How to Connect During Crisis: Email Marketing and COVID-19

The COVID-19 crisis has changed everything about everything - even marketing.

Emails in COVID-19 Era
Many businesses are using email as a nimble, personal tool to reach out to, reassure, and remind audiences they are here for them.
Krsto Jevtic on Unsplash

By Parker Stoner, senior VP director of database marketing, Swanson Russell

Like businesses everywhere, equipment rental dealers are experiencing the ongoing effects of the COVID-19 pandemic. Contractors and others in the construction industry still need reliable equipment to get jobs done right and stay on schedule. However, rental dealers have had to reevaluate the various ways they interact with customers – before, during, and after the sale – to keep everyone safe and healthy.

Showrooms are closed or only offer limited access to equipment on display. Because of the need for social distancing, it has become challenging for salespeople to conduct equipment demos or even simply have in-person conversations with their customers about new or existing projects. Parts counters now offer contact-free pick-up, further limiting the important face-to face interaction that’s helped dealers build and nurture customer relationships over the years.

Certainly, the COVID-19 crisis has changed everything about everything – including marketing. Many businesses are using email as a nimble, personal tool to reach out to, reassure, and remind audiences they are here for them. But while some audiences have more time to open and read emails, they also have different needs.

Here’s how email marketing looks – and what’s working – in a new era.

Why People are Opening Emails More – But Clicking Less

Website Pull Quote 1200x540Swanson RussellResults data from various email service providers – as well as recent results from our own clients – show open rates are up. More people are at home and online – plus, budget cuts for many marketers mean less crowded inboxes and less clutter. But click-to-open rates are down, as “buy now” messages get ignored by nervous consumers and boilerplate emails from brands about the situation don’t give audiences much reason to click.

All that to say: You don’t have to send a COVID-19 email just because seemingly everyone else is. Spam complaints are high for these emails, and negative reactions may lead to unsubscribes. If you feel you must send a COVID-19-focused email, be careful what terms you use in the subject line. According to Jay Schwedelson of Worldata, terms like “COVID-19,” “Coronavirus,” or “pandemic” are increasingly being blocked by spam filters, as are terms like:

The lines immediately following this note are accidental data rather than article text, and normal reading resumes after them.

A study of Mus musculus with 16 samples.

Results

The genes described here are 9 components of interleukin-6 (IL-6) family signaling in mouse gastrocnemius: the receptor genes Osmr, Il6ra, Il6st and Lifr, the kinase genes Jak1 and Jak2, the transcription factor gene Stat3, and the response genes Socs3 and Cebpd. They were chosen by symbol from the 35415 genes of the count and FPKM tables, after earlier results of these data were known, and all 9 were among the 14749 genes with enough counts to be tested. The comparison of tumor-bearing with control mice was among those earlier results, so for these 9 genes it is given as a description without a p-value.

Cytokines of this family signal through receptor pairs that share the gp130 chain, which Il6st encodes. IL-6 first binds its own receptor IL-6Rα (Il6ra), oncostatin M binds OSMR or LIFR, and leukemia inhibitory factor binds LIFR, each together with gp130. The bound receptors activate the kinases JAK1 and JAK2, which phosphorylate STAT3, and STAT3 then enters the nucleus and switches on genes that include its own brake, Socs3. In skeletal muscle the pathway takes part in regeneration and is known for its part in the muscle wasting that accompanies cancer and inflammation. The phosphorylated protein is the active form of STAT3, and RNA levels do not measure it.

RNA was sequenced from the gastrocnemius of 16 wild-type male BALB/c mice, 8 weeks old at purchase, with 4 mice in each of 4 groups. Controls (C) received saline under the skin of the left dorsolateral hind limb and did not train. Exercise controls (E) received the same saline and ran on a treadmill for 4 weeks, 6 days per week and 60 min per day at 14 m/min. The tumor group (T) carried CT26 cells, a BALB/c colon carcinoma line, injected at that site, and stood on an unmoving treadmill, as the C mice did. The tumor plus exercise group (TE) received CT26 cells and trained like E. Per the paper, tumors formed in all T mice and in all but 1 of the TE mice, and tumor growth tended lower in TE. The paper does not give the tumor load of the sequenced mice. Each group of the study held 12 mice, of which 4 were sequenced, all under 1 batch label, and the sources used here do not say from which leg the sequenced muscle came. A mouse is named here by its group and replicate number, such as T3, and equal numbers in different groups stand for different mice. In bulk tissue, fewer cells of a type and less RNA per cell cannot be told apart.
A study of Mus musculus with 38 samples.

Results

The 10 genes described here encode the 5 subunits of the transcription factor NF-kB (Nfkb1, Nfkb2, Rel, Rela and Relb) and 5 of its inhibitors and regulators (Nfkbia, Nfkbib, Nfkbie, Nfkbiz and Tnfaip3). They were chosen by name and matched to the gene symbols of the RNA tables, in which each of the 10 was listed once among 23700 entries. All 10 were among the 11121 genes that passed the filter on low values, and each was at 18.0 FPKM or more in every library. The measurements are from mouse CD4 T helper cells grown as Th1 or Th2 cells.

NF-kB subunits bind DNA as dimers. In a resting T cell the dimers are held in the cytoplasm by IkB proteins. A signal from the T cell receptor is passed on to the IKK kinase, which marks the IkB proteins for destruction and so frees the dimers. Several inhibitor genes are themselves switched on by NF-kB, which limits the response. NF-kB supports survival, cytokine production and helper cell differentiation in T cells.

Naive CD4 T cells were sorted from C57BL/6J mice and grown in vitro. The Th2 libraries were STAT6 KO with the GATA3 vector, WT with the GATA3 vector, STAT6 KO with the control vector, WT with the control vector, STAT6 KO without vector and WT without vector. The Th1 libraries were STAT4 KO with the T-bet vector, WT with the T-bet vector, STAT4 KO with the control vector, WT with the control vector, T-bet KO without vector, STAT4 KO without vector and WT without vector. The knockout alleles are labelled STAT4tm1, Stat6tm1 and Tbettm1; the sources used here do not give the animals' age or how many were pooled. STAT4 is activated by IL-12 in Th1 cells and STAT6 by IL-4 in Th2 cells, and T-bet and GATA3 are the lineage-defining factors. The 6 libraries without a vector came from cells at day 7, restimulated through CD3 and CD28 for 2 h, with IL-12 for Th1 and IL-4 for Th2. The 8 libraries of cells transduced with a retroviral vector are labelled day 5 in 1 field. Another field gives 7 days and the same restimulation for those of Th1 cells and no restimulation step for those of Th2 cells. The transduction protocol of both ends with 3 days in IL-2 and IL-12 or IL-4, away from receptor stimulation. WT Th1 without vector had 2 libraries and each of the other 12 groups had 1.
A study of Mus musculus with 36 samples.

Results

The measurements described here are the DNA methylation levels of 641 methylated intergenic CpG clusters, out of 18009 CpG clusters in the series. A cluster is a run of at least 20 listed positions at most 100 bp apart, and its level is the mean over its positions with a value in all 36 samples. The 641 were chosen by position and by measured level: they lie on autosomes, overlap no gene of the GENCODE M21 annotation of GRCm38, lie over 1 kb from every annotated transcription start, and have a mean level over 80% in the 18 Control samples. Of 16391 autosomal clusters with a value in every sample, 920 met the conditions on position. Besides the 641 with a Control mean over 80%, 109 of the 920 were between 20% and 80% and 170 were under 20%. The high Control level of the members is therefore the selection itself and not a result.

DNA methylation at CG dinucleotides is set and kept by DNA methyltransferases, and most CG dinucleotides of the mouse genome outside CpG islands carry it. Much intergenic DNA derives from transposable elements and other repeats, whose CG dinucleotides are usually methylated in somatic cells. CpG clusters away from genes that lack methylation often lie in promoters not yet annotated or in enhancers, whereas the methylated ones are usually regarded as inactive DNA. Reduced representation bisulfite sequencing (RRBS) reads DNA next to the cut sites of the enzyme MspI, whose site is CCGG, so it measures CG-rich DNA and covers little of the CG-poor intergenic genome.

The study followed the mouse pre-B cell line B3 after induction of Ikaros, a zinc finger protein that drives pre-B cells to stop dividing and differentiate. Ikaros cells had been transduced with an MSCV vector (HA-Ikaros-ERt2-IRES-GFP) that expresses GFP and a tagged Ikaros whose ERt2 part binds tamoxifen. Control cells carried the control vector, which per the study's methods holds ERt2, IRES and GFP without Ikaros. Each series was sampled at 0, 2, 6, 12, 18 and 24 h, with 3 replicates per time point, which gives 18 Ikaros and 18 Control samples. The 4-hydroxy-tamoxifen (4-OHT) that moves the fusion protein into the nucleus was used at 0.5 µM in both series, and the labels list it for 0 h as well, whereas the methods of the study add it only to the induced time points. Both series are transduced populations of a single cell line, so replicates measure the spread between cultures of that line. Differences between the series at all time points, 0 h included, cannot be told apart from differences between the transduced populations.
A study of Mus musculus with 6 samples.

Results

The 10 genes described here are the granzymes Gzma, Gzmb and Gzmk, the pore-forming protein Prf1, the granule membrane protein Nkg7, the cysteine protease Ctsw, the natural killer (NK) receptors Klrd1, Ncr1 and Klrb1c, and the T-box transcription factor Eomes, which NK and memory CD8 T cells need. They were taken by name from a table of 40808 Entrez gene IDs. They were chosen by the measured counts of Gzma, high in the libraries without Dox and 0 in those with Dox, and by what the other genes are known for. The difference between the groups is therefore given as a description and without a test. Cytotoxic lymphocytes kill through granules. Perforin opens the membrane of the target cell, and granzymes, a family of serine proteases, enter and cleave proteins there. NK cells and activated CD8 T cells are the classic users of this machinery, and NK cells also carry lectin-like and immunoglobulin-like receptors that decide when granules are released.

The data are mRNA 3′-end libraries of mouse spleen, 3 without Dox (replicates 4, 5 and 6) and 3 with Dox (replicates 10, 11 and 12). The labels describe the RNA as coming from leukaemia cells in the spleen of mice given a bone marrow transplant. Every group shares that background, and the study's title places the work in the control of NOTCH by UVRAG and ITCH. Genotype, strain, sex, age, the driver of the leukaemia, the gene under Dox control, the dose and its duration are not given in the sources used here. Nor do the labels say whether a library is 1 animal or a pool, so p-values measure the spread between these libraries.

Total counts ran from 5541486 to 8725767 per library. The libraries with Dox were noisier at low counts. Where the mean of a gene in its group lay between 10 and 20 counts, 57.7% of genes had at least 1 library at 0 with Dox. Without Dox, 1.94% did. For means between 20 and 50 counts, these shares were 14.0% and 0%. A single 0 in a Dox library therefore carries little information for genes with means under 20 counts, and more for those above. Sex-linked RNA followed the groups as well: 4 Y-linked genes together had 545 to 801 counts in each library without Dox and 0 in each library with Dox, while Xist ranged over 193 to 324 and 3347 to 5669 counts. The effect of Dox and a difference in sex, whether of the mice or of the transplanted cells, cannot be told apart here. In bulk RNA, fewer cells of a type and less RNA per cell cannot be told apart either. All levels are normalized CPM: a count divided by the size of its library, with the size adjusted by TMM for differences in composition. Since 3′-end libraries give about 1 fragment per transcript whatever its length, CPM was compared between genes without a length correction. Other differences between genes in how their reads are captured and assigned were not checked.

• Urgent
  • Hurry
  • Critical
  • Serious
  • Alert
  • Rush

Additionally, people have crisis fatigue and are in a different buying mentality. So, make sure you have something relevant, unique, and helpful to say. This is an opportunity to demonstrate empathy, build relationships with audiences, increase preference, and strengthen brand positions for the long-term even though there may not be short-term sales results. In other words, it’s an excellent time to strengthen connections with your customers.

Three Ways to Connect During Crisis

Positive Subject Line Terms that Increase OpensSwanson RussellThe situation is very fluid, so the guidance will likely evolve over the coming weeks. But, so far, here’s where we’re seeing success:

  1. Acknowledge the situation and offer practical help or stress reduction. In particular, consumers want critical updates from companies such as when (and if) they are closing and how to remain in contact. A recent study showed a 41% increase in open rates in B2B and 34% in B2C for emails like this – especially with the right subject lines. Another study reported email is a preferred channel by 67% of consumers for receiving these kinds of communications, compared to 45% for social media.   
  2. “Free” is bigger than ever. When used in subject lines, it is producing open rate increases of 39% in B2C and 31% in B2B. If you’ve recently been laid off, are concerned about being laid off, or are under orders at your business to reduce expenses, an offer of something free can be very appealing.
  3. This is a great time for a sweepstakes or prize giveaway. Recipients who have more time on their hands right now are more likely to be interested in the chance to win something of value and more willing to take the time to complete the entry requirements. If equipment sales or rentals are down, a few product giveaways or discounts can get your company’s message out and capture a list of interested prospects, who can be marketed to whenever their financial situation improves.

While the long-term effects of COVID-19 on the equipment rental industry remain to be seen, it’s clear that we’re all trying to live and do business in a world that’s very different than it was just a few short months ago. This new reality means there are new rules to follow when connecting with your customers. And that’s especially true in a medium like email. Focus on the benefits your customers will experience if they choose to work with you. Think about what difficulties they’re experiencing right now and let them know how you can help. In other words, if you’re going to drop into someone’s inbox, make sure you have something of value to say. 

Parker Stoner is senior vice president/director of database marketing at Swanson Russell, a marketing communications agency in Lincoln and Omaha, Nebraska, specializing in the construction, agriculture outdoor recreation, and professional green industries. He is the author of the book, Put Your Mouth Where the Money Is, a guide to refocusing your marketing communications for the greatest impact on sales.